The Long View on Long-Term Care

With Americans living longer than ever before, more and more of us are confronted with the possibility that we will outlive our money. Decreasing income from work, increasing medical costs and the likelihood of additional expenses for in-home health care or nursing home care only add to the problem. For the past forty years, Medicare and Medicaid have picked up much of the slack. Changes to the tax laws over the past few years will now prevent many families from relying on this safety net.

The Deficit Reduction Act of 2005 (DRA) contains a number of provisions that are only now coming to light. Perhaps the most significant for families with aging members concern changes to federal Medicaid rules. Combined with other proposed changes to these rules, many people will find it difficult to apply for and receive Medicaid assistance.

Here’s a summary of the most significant changes currently on the horizon:


Under the new rules, Medicaid applicants must now spend down their non-exempt assets to $4,150 prior to even applying for the program. For most individuals, this is at best a couple of months’ worth of living expenses.


The former rules exempted personal residences from consideration as an asset, by Medicaid regardless of value. Proposed new rules will limit the exemption to home values of up to $750,000; any value above that will no longer be considered exempt, and must be disposed of under the spend-down rules. This means that, without proper planning, many people will be forced to sell their homes or take out reverse mortgages in order to pay their medical bills.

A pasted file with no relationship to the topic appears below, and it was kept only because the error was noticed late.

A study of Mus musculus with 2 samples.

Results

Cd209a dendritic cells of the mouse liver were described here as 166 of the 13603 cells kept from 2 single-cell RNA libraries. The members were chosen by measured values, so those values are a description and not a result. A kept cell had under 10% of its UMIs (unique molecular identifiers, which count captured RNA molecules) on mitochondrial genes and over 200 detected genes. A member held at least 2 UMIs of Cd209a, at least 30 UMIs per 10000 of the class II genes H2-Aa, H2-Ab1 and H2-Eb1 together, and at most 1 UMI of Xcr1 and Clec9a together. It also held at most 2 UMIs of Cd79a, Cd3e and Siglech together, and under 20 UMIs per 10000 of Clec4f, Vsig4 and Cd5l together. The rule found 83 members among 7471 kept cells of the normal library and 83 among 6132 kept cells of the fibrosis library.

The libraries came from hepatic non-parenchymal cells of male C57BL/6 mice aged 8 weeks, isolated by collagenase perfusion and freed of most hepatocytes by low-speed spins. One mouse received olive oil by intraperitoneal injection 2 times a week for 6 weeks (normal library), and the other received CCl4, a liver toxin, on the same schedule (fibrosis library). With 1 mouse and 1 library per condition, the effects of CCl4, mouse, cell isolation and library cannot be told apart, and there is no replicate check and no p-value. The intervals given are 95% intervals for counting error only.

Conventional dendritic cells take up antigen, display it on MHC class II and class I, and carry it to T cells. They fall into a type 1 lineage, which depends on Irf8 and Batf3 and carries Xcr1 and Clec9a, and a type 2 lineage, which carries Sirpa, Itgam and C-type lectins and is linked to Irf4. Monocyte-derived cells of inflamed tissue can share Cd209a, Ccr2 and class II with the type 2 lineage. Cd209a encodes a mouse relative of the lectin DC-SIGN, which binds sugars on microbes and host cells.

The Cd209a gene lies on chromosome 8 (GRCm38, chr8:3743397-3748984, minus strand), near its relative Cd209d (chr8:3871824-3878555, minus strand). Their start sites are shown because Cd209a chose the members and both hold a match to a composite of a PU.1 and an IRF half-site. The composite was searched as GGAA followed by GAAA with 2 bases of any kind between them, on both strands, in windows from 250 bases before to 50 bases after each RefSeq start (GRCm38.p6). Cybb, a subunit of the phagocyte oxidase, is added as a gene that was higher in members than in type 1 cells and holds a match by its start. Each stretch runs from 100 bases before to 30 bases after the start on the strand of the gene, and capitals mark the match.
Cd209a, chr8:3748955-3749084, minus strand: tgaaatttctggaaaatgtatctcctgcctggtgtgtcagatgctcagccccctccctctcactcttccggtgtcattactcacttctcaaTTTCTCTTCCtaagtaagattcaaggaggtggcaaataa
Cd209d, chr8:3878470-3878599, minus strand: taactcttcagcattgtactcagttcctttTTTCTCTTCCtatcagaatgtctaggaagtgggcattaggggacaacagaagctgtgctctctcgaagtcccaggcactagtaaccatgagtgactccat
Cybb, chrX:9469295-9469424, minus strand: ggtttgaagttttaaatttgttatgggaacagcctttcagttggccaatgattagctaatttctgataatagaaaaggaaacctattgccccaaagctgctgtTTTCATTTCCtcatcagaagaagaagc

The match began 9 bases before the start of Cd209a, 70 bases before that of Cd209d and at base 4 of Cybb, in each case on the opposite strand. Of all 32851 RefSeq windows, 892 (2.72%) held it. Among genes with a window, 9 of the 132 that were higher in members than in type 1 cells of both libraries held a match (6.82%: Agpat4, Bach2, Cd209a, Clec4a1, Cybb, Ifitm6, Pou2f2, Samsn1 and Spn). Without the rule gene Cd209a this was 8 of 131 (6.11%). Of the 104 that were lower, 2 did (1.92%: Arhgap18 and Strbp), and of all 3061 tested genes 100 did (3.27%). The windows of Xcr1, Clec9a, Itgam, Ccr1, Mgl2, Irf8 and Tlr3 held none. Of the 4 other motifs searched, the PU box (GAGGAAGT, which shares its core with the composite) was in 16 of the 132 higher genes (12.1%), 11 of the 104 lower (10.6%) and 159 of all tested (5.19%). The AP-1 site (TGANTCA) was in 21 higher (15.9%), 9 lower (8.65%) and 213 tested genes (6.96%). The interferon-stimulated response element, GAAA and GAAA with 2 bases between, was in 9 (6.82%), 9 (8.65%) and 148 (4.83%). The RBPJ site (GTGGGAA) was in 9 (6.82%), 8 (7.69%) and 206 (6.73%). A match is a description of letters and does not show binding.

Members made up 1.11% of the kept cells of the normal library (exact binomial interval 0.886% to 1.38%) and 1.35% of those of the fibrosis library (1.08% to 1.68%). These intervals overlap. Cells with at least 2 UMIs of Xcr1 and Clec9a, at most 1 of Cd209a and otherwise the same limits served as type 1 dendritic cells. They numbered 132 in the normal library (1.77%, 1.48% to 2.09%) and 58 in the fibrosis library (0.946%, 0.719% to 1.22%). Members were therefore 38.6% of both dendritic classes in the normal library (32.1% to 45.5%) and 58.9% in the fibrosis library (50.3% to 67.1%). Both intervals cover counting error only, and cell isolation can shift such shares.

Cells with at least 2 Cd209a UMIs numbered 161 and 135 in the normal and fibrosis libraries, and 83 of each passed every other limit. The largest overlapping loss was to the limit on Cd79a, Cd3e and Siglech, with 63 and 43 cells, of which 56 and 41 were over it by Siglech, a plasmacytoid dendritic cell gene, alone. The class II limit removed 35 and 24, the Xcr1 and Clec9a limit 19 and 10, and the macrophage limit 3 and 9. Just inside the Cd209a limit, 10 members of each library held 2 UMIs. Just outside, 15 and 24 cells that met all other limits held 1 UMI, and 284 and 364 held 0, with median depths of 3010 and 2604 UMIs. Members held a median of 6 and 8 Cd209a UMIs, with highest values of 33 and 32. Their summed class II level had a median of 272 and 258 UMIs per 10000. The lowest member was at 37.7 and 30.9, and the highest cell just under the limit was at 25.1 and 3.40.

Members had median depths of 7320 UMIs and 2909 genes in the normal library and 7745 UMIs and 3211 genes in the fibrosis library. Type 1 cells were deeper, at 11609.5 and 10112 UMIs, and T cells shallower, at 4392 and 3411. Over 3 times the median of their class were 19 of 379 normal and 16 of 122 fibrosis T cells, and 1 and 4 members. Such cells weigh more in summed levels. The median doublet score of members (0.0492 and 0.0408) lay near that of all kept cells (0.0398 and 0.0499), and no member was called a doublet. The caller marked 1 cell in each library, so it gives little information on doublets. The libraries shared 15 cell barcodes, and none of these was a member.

Exemptions may be available under the proposed rules for individuals whose spouse or children under the age of 21 are living in the home. In this event, though, estate recovery provisions may apply.


In order to retain some assets, such as homes, many families adopted a strategy of transferring the assets from the aging person to a younger family member. This strategy hastened the person’s eligibility for Medicaid without threatening the asset.

Under the prior law, the look-back period was 36 months, measured by the time that asset was transferred. This meant that families needed to see only three years into the future, when planning. Even if an aging family member was already ill, the family could count on having to pay for nursing home or other care for just those few years before that person would qualify for Medicaid.

The new law drastically changes all that. The look back period has been expanded by two years, to 60 months. In practical terms, families now have to project five years into the future – and be prepared to either transfer assets early or pay out of pocket for almost twice the amount of time.

Obviously, this will make it far more difficult for families to anticipate the need to execute an asset tranfer. Additionally, any transfer occuring within the look-back period must be thoroughly documented and explained to Medicaid.


These and other anticipated rule changes will increasingly prevent middle class and moderately well-off families from taking advantage of Medicaid to defray rising eldercare and medical costs. While families with aging members will be most affected, every family is vulnerable. Illness or accidents of all descriptions can strike at any time and cause long-term disability and threaten the family’s financial stability.

Careful planning that considers every possible issue is now essential. Well-executed strategies can guard against the loss of key assets – such as homes – and financial disaster. In many situations, long-term care insurance could be a key strategic element. A wide variety of such policies is currently available and premiums may be tax-deductible up to certain limits.

Speak to us today about how to protect your family – and your assets.